7yr Treasury auctions haven't been great for bonds in 2021. Every time we've had one, bonds have sold off. In fact, the late February example proved to be one of the biggest bearish motivations for rates of the entire up-trend (stretching all the way back to August 2020). For the first time since August, today's 7yr auction arrives amid momentum that's been "sideways to slightly stronger" for the past few weeks.
Will it make a difference? It didn't in January. Bonds had been rallying for more than 2 weeks at the time and reversed course on the day of the 7yr auction. The following iteration caused the biggest sell-off in more than a year (an astonishing thing to consider when it comes to a market event that rarely has a big impact).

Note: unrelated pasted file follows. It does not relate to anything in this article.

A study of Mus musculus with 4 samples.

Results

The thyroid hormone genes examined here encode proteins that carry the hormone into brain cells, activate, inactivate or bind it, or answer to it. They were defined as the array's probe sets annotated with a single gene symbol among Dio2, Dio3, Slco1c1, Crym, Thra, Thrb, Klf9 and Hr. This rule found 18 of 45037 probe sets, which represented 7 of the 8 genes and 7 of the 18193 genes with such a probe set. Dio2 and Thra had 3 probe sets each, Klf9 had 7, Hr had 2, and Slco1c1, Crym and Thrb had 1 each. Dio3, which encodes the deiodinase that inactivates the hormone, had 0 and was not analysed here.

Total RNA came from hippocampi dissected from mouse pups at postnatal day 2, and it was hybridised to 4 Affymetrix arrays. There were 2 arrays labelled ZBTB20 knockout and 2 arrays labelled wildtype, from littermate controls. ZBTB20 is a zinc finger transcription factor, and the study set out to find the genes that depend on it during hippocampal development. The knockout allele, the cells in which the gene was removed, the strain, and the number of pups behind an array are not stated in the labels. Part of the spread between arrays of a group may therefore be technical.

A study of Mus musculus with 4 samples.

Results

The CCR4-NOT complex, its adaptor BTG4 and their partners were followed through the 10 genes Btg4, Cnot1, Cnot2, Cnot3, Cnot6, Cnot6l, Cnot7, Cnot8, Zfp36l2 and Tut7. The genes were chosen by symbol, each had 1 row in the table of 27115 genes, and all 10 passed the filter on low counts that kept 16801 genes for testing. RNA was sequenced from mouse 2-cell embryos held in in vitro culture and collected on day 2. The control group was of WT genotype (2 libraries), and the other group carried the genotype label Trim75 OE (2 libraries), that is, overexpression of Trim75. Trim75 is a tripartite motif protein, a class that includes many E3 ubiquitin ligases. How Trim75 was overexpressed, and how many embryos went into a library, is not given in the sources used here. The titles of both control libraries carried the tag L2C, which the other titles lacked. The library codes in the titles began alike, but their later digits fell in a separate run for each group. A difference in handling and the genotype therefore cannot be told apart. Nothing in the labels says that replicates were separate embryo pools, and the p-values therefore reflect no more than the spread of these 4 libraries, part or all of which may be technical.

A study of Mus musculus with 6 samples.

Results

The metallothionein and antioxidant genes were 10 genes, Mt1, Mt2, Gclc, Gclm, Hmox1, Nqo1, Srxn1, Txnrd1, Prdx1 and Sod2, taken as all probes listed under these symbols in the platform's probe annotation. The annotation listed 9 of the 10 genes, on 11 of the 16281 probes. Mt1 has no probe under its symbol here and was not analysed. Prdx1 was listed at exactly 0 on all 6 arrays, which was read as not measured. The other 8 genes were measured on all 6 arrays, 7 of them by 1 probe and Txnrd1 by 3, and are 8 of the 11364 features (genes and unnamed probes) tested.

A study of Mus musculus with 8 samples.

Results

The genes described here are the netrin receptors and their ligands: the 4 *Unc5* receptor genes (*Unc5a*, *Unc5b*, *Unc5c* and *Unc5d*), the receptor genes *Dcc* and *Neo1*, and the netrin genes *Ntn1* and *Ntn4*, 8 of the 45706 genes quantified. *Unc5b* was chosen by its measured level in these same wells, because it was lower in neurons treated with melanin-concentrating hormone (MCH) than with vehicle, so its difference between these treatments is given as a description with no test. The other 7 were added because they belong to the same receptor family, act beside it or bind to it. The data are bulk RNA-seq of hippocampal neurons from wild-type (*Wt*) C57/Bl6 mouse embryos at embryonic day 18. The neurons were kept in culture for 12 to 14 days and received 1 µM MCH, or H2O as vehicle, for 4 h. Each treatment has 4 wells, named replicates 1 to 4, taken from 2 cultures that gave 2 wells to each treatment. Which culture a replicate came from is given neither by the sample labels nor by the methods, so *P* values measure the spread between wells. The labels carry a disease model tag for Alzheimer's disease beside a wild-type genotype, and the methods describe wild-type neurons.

So what's the deal with 7s all of the sudden? Why are they important now after not being important pretty much any time before 2021? Part of the issue is simply timing. It's likely that the February auction wouldn't have been nearly as big of a deal had it not been for aggressive Treasury selling in Japan heading into the country's fiscal year-end. This also helps explain away some of the weakness in March although by that point in the month, Japan had already done the bulk of its Treasury selling.
To be sure, we are not expecting a February-style reaction today. Japan aside, that was a special time for bonds as traders were generally rushing to reposition for higher yields after months of covid-induced complacency and political uncertainty. Since then, bonds have reached an intermission of sorts and it may not be over just yet.